Remote Witnessing and Notarizing Is Now an Option for Estate Planning Documents
On April 9, 2020, Gov. Bill Lee issued Executive Order No. 26, which temporarily suspends the requirement for “in person” witnessing and notarization of certain documents including Wills, Trusts, Powers of Attorney, and Deeds, from April 10, 2020, through May 17, 2020.
Documents covered by this Order can be signed by the signatory (the person for whom the documents are prepared), the witnesses, and the notary with each person located at a separate location, provided that the signing must be a physical signing of the documents by the signatory and witnesses (not electronic signing), and must occur via real-time audio and visual communication (Skype, FaceTime, Zoom, etc.) where the signatory, witnesses, and notary can see and hear one another simultaneously. All of the parties must be located in Tennessee at the time of the signing.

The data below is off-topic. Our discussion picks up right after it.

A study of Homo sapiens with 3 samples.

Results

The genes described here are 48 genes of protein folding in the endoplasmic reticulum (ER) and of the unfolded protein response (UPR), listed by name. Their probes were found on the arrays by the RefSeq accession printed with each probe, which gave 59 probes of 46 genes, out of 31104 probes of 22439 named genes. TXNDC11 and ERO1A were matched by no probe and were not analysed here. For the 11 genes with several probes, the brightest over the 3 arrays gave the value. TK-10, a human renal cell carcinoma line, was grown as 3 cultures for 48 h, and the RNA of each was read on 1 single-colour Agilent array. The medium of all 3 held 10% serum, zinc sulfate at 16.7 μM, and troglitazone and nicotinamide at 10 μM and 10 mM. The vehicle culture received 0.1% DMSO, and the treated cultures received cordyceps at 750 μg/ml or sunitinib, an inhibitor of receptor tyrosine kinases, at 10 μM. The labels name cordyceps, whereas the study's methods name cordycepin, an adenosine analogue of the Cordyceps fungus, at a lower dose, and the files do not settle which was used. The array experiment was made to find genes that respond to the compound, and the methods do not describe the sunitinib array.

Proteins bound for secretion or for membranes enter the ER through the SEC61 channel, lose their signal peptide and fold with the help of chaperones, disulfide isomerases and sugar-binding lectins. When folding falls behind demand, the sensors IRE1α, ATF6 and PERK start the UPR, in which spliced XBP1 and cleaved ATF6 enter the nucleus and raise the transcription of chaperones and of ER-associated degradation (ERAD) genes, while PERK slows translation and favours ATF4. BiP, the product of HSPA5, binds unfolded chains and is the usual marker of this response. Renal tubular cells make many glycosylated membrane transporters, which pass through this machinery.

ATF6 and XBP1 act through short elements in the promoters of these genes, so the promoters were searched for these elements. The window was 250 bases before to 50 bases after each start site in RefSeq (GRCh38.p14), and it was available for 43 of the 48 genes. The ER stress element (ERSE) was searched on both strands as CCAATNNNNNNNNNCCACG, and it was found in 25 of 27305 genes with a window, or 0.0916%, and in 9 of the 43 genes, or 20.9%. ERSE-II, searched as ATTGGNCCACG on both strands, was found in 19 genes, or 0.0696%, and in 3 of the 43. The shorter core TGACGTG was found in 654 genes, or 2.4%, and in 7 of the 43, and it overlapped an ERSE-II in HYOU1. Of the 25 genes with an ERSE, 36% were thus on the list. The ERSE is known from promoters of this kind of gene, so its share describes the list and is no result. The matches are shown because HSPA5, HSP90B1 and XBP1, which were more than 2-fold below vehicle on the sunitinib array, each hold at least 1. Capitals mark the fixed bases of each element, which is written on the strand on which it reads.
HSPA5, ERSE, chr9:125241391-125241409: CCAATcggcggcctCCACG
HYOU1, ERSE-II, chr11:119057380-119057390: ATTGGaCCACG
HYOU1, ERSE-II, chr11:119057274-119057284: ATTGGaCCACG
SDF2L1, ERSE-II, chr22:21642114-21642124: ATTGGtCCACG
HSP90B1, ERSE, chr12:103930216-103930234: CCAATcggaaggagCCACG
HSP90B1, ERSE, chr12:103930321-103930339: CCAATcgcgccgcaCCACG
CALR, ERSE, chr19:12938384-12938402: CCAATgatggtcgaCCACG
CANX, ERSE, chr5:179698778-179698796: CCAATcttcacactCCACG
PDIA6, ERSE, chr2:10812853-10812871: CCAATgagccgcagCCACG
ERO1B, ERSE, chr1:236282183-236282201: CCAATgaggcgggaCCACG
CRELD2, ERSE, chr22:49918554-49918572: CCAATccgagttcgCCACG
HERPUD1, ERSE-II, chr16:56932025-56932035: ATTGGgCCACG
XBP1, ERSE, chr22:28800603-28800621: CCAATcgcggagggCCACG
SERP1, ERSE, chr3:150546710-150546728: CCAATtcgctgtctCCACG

The witnesses and notary will be required to verify the identity of the signatory, and the signatory and witnesses must identify the document(s) being signed. The signing and witnessing must be observed via the online conferencing tool by the witnesses and the notary. The documents signed in this manner must include a statement that they are being executed in compliance with Executive Order No. 26. The signed documents may be executed in counterparts (separate signature pages) or the documents can be circulated to the witnesses and notary after the signatory signs the documents, provided that all signatures must be obtained within 10 days of the date the signatory signed the documents.
For more information about Executive Order No. 26, please contact a member of the Chambliss Estate Planning team.